Red Sox pitcher Tim Wakefield retires

Veteran knuckleballer Tim Wakefield announced his retirement Friday after 19 seasons, including the last 17 with the Boston Red Sox.

Veteran knuckleballer Tim Wakefield announced his retirement Friday after 19 seasons, including the last 17 with the Boston Red Sox.

"This has been the hardest thing I ever had to do, so it's with a heavy heart that I stand here today to say that I've decided to retire from baseball," said Wakefield, according to The Boston Globe.

Wakefield made the announcement at a news conference at the team's spring training complex in Fort Myers, Fla.

The 45-year-old leaves the game after recording his 200th win last September. He was the oldest active player in the major leagues last season.

The Red Sox had invited Wakefield to spring training, but were not guaranteeing him a roster spot.

"When it came down to it, I had to take a hard look at what I thought was best for me, my family and the Red Sox," Wakefield said.

"There is nothing that I want more than for this team to win, and it's hard sometimes to take yourself out of the process. But in my heart, I feel that by retiring, I'm giving them a better chance to do that."

Wakefield, who bedeviled hitters throughout his career with a dancing knuckleball, won World Series titles with the Red Sox in 2004 and 2007 and made his first All-Star team in 2009.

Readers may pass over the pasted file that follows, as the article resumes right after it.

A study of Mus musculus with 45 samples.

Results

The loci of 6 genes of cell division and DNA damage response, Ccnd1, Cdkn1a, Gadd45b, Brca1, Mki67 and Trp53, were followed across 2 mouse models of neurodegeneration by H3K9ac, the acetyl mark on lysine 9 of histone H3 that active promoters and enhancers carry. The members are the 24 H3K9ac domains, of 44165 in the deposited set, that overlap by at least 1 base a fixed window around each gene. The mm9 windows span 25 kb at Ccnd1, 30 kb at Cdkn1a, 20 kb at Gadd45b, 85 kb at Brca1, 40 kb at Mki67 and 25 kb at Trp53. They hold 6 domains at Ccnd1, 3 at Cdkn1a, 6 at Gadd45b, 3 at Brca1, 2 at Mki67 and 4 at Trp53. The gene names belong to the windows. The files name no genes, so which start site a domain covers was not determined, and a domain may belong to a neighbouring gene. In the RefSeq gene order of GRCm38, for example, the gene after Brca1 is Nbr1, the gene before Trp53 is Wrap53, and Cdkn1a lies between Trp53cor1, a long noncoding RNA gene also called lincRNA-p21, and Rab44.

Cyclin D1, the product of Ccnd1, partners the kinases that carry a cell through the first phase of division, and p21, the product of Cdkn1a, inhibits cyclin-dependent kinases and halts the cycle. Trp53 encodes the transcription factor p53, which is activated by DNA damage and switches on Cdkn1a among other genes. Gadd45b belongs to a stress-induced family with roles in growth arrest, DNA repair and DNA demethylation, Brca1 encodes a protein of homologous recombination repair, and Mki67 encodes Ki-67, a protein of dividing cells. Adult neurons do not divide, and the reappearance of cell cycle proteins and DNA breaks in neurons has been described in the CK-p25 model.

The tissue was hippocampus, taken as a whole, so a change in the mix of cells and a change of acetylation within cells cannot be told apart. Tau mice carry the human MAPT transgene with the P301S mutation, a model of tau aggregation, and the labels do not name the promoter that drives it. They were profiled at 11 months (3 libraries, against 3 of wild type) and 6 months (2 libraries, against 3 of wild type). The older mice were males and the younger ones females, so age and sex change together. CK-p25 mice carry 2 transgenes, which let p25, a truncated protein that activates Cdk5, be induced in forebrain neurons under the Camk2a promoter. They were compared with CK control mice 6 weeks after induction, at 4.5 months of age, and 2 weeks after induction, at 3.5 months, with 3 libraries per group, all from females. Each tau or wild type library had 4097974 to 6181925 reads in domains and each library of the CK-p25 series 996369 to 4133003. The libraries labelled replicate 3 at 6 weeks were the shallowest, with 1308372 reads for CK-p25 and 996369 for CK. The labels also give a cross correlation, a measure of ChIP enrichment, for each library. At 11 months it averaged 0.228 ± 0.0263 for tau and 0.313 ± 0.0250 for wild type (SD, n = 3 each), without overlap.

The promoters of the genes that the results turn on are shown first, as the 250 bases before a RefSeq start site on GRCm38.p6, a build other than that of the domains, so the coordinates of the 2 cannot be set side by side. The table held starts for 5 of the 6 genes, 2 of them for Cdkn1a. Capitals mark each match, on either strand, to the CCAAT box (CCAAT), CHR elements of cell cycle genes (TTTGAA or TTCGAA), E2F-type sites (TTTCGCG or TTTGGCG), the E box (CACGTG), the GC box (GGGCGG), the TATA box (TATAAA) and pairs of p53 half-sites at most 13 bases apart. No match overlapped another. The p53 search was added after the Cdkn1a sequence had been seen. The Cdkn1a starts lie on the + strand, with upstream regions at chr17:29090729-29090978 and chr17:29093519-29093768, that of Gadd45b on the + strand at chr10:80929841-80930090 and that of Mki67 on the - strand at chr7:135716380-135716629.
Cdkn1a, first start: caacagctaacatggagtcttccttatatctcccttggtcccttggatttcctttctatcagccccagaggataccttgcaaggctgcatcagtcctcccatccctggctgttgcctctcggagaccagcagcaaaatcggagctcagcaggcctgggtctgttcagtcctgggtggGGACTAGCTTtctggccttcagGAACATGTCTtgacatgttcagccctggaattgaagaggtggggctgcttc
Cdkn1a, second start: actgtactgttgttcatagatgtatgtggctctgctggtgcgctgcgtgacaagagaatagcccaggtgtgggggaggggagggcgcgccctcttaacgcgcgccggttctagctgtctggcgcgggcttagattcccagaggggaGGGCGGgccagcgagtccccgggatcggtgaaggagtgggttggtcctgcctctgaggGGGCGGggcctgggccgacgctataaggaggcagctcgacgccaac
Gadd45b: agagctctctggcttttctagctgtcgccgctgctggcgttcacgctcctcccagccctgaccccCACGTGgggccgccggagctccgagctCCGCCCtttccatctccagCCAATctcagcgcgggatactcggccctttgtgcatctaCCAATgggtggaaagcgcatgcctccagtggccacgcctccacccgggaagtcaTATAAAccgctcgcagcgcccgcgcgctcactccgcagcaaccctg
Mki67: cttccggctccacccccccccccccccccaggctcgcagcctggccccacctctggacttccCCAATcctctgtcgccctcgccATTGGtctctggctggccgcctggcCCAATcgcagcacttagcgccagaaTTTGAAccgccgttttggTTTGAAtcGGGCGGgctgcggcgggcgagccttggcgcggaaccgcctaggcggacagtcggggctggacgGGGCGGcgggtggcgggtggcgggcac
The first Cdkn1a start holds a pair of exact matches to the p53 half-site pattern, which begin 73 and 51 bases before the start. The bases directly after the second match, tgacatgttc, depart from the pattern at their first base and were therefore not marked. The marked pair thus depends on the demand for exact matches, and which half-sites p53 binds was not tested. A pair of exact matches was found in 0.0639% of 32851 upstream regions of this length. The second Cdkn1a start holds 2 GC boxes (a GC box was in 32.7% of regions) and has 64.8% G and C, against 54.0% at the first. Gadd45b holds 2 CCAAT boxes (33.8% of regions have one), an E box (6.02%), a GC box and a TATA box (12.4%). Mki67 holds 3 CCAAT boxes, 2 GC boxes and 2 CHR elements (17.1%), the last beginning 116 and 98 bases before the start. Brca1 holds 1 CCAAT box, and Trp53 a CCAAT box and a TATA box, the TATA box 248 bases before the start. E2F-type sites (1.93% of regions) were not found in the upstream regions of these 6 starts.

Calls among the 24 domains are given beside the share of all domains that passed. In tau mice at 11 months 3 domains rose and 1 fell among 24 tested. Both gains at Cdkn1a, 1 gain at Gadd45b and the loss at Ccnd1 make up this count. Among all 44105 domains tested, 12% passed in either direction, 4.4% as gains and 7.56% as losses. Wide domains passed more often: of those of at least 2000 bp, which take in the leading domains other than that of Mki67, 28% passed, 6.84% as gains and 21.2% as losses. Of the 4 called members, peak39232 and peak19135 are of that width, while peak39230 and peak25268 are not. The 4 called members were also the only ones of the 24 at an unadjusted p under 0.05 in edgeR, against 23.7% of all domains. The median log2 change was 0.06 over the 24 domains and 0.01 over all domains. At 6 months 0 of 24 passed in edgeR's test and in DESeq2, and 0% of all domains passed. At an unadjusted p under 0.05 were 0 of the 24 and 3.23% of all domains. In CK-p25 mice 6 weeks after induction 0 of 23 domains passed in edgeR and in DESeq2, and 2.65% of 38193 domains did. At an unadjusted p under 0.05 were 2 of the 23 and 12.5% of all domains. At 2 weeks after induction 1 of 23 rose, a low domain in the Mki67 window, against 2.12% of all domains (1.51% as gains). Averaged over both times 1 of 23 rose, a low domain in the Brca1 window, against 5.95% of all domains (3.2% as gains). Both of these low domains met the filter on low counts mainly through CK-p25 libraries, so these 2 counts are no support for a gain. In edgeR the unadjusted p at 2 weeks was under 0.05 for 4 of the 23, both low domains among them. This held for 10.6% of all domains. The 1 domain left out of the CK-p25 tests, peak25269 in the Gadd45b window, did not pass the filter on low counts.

"Every time I stepped on the field, I gave everything I had. All I ever wanted to do was win. And the bigger goal was to win a World Series for this great city. Finally, after 86 years, we were able to do that," Wakefield said.

Wakefield's 186 victories for Boston ranks third in franchise history behind Cy Young and Roger Clemens, who both won 192 games. He pitched the most innings in Red Sox history at 3,006.

Wakefield broke into the majors in 1992 with the Pirates, going 8-1 with a 2.15 ERA in 13 starts. Though the Pirates lost the 1992 NLCS to Atlanta, Wakefield won both of his starts in the seven-game series.

For his career, Wakefield finished with a record of 200-180 with a 4.41 ERA. He went 7-8 with a 5.12 ERA in 23 starts last season.

His departure leaves Mets righty R.A. Dickey as the only knuckleball pitcher in MLB.